This is modern European jazz at its finest. Bold and inventive, smart and informative, ironic, funny but also sad and melancholic, the highly engaging Clustrophy addresses the rich jazz legacy on both sides of the Atlantic, without being bound to any specific style or genre.
Finnish reed player Mikko Innanen has gained experience as a charismatic and articulate composer, improviser and leader with musicians from the Nordic arena, as well as from New York's downtown scene. Innkvistio is his vehicle for exploring adventurous musical concepts and, for its second incarnationfollowing Paa-da-pap (TUM, 2007)this meeting of three distinctive horn voices, along with vintage, otherworldly electronic sounds and a modest yet effective drummer, gives the ensemble its unique sound and strong character.
Innanan has developed a unique and highly personal language as a composer and player. The opening track, with its core Finnish trio, already suggests Innkvistio's mechanism: a propulsive percussive sound that offer a solid base; weird Sun Ra-like synthesizers sounds that push the musical envelope; and, and above it all, solos constructed by the reed players. This musical puzzle falls in place in an arresting manneroften when combining odd references, as on "Vraa-Tender," where a Japanese scale is linked to a harmonic line from Billy Strayhorn's school, or the title track , where a swinging 18-bar jangled theme nods to Thelonious Monk.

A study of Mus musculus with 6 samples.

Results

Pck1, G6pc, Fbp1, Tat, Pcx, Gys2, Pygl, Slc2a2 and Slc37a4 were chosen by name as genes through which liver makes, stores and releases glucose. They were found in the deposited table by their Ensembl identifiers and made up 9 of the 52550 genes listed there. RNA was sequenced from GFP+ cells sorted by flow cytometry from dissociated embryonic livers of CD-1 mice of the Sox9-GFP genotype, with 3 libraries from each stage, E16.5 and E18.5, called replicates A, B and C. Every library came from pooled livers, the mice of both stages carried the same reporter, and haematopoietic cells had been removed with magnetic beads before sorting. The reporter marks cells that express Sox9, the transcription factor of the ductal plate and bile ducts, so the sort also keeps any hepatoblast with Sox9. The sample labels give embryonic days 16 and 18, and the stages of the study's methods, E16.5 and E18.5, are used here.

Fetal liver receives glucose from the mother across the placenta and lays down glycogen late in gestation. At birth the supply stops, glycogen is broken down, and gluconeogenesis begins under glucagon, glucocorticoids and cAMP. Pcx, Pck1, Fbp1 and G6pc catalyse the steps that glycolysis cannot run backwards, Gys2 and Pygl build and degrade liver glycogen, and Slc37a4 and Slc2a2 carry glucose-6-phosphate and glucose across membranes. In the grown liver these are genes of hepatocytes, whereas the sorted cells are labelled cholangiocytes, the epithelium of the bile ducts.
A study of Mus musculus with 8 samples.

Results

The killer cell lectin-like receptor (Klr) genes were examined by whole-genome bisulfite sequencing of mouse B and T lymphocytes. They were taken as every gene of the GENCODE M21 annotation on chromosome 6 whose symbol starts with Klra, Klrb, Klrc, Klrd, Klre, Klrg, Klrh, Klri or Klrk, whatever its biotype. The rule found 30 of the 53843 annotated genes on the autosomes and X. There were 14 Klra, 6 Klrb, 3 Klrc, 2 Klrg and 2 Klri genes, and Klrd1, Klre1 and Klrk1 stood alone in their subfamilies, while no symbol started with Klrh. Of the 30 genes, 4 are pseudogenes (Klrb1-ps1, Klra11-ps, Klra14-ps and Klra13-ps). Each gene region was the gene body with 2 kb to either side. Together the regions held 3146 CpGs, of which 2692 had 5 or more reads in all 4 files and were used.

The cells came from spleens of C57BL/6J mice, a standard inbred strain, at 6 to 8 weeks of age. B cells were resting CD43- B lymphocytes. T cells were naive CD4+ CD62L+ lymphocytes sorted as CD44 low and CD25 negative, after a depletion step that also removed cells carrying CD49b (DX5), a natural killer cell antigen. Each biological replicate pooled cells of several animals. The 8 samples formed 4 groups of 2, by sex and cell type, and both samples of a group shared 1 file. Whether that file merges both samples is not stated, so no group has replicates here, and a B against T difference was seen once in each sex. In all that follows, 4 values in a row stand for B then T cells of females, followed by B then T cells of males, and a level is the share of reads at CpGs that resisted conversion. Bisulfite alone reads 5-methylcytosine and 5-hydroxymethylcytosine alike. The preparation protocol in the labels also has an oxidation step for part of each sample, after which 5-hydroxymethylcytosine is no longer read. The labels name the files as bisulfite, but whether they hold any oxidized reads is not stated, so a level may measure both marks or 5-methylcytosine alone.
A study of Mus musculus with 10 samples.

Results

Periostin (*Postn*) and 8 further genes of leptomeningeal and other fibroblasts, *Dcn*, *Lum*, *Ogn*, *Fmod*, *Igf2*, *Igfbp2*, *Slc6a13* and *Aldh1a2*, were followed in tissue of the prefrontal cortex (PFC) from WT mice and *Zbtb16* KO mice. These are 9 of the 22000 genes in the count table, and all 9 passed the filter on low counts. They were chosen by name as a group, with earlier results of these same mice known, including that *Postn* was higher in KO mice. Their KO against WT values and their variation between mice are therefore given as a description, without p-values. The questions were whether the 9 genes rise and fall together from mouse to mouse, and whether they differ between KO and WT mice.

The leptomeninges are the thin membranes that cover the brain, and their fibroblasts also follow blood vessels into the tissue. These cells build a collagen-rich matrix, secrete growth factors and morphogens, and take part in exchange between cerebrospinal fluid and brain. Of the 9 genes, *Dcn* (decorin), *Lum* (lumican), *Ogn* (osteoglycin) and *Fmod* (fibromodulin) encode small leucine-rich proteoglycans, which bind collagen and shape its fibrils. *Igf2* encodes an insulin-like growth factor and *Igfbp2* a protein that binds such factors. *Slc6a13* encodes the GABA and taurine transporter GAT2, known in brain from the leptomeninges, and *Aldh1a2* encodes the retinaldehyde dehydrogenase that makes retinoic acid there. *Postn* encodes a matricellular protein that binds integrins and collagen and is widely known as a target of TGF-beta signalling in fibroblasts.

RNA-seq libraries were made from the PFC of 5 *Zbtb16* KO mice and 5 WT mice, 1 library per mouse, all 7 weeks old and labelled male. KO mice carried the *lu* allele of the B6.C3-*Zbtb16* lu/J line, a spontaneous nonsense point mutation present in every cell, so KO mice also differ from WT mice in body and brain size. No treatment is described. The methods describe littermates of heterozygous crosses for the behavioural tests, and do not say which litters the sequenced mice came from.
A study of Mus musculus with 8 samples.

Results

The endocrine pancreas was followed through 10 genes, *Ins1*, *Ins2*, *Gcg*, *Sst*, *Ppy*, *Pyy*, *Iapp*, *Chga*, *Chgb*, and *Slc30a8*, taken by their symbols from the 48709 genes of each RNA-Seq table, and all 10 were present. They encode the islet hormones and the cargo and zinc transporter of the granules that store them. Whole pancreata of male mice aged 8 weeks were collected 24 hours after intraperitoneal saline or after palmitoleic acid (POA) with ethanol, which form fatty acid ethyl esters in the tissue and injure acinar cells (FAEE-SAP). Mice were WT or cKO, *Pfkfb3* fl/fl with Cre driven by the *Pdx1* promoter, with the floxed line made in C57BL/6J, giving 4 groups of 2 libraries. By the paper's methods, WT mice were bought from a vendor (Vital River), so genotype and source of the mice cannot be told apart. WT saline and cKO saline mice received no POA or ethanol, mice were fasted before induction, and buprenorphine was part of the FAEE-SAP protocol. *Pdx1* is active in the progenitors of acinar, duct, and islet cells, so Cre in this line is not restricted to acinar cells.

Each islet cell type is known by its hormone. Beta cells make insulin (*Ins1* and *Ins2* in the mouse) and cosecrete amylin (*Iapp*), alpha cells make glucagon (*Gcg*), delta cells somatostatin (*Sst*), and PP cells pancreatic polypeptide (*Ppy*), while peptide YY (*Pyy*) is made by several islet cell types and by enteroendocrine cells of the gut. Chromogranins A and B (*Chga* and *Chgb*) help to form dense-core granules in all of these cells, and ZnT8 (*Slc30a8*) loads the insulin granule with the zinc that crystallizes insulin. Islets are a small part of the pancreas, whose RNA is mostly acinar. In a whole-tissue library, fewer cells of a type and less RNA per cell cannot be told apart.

"A Panoramic View from the Top Floor" is a cinematic, dreamlike suite that blossoms slowly and features Fredrik Ljungkvist on clarinet and drummer Joonas Riippa as its soloists. An inventive and rhythmic baritone sax solo by Innanen on "Underground" serves as an introduction to the pulse-driven "The Grey Adler Returns Again," an extension of Innanen composition from this ensemble's debut. The rhythm is used here as counterpoint to the melodic segments, with alternated solos by Ljungkvist (on tenor sax), and Innanen and Daniel Erdmann, both on baritone sax. "757" is the most in-the-tradition composition, with its laidback groove and powerful straight-ahead tenor solos from Innanen and Ljungkvist. The set's most beautiful composition is the melancholic "Ardennes at Dawn," written for three clarinets (Innanen on Indian wooden clarinet), and featuring Riippa and keyboardist Seppo Kantonen coloring its simple melody with great sensitivity.
Earth's Second Moon (3753 Cruthine); Vraa-Tender; Clustrophy: A Panoramic View from the Top Floor; Underground; The Grey Adler Retrurns Again; Ardenees at Dawn; Jantaraboon II; Detto the Magician: 757; Jam Afane.
Mikko Innanen: alto, baritone and soprano saxophones, Indian wooden clarinet, percussion, whistles, toy instruments; Fredrik Ljungkvist: tenor and sopranino saxophones, clarinet; Daniel Erdmann: tenor, baritone and soprano saxophones, toy clarinet ; Seppo Kantonen synthesizers; Joonas Riippa drums, percussion, pocket trumpet.